Monte Irvin, R.I.P. - The American Spectator | USA News and Politics
Monte Irvin, R.I.P.

Former Negro League & MLB player Monte Irvin passed away yesterday at the age of 96.

Irvin’s baseball career would begin in 1938 with the Newark Eagles at the age of 19 and would play with them through 1948 except for a three year stint in the Army where he served in Europe with the GS Engineers, 1313th Battalion

When he returned to the States, Brooklyn Dodgers President & General Manager Branch Rickey approached him about the possibility of being the first African-American to play in MLB. However, Irvin felt he was rusty after being away from baseball for three years and declined. Of course, Rickey would ultimately sign Jackie Robinson.

But Irvin was the first black player to be signed by the New York Giants in 1949 and would make his debut with the club later that year. Irvin’s finest season in the bigs was 1951 when he led the NL in RBI with 121. That was the year the Giants came back from a 13 ½ game deficit against the Dodgers to win the NL pennant. Irvin would finish third in NL MVP balloting behind Stan Musial and Roy Campanella who would win the first of his three NL MVPs.

A broken leg would limit Irvin to 46 games in 1952, but he would earn his only NL All-Star selection that season. Irvin would earn a World Series with the Giants in 1954 in which they swept the Cleveland Indians. As much as anything else, Irvin served as a mentor to Willie Mays.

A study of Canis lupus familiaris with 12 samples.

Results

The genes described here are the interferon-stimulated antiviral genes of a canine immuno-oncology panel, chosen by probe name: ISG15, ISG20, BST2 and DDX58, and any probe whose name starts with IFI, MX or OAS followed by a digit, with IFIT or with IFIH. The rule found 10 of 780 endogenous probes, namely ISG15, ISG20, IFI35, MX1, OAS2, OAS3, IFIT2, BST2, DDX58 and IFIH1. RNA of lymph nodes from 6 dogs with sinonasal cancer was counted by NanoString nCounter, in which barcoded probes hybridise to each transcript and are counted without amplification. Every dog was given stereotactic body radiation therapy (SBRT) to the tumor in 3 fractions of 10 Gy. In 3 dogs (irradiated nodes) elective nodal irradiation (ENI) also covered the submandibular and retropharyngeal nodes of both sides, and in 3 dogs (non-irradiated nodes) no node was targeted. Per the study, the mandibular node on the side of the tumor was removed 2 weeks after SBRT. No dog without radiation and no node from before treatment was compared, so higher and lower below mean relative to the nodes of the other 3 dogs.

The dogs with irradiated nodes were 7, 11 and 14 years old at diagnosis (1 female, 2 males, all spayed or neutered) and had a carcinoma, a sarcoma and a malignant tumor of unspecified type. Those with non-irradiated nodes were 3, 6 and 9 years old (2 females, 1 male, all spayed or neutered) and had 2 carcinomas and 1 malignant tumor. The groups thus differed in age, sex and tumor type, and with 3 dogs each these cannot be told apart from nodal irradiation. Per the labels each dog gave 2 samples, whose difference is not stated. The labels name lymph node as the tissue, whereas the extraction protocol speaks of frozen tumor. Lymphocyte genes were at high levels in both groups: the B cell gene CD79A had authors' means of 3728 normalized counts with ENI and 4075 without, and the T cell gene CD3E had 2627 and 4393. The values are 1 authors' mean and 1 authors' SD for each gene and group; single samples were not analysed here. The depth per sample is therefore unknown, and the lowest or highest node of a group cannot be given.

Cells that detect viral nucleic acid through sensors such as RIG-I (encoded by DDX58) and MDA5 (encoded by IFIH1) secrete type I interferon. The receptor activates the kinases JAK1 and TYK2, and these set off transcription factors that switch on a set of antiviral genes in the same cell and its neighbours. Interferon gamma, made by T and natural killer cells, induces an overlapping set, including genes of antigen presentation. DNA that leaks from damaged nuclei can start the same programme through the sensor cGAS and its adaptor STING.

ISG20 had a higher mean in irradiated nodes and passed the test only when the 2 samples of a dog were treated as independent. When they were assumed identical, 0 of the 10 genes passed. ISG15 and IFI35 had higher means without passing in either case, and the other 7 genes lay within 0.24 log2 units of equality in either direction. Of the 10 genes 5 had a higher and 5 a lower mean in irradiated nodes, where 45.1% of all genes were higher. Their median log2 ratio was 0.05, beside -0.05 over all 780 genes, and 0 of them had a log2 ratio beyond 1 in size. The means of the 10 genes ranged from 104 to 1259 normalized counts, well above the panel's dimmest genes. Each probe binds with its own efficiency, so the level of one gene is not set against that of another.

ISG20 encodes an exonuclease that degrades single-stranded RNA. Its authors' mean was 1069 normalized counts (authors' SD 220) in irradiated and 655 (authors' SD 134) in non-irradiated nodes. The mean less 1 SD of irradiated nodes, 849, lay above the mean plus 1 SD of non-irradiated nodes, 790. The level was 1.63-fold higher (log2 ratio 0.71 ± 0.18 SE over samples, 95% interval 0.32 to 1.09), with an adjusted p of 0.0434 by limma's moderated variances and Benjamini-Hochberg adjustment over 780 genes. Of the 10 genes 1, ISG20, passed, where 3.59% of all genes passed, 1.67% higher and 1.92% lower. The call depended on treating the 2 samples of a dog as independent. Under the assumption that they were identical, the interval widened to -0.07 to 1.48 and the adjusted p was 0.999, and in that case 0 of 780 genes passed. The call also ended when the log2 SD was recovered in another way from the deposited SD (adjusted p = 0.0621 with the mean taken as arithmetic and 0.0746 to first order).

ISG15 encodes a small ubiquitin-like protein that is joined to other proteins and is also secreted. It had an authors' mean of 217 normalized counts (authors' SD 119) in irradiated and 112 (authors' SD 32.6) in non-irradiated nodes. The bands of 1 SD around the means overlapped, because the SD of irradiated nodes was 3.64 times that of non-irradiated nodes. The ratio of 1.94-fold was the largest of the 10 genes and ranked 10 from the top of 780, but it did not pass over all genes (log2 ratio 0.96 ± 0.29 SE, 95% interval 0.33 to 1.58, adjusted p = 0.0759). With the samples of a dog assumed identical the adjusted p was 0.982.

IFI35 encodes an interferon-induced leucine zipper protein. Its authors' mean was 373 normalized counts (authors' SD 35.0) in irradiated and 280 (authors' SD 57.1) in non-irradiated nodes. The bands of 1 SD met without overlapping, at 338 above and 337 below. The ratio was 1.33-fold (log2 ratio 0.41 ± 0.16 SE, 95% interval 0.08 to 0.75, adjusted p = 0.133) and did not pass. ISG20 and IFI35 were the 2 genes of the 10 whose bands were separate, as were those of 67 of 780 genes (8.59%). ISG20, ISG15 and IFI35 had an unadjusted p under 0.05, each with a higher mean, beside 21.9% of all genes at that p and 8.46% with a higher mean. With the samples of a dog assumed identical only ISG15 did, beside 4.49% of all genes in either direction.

Irvin finished his big league career with the Chicago Cubs in 1956. In eight big league seasons, Irvin hit .293 with 99 HR and 443 RBI. For his play both in the Negro Leagues and in MLB, Irvin would be inducted into the Baseball Hall of Fame in 1973.

After serving as a scout for the New York Mets, Irvin spent many years working for MLB Commissioner Bowie Kuhn.

At the time of his death, Irvin was the oldest living Negro League player and second oldest living MLB player. Only Boston Red Sox legend Bobby Doerr, who turns 98 in April, is older.

Here is a video of Irvin’s Hall of Fame induction speech in 1973. Irvin began his remarks by saying he’d “rather face Warren Spahn than make a speech.” Irvin also paid tribute to Roberto Clemente who was posthumously inducted after a plane crash claimed his life the previous New Year’s Eve. Irvin said he hoped his induction would “ease the pain of all those (Negro League) players who didn’t get a chance to play in the major leagues.”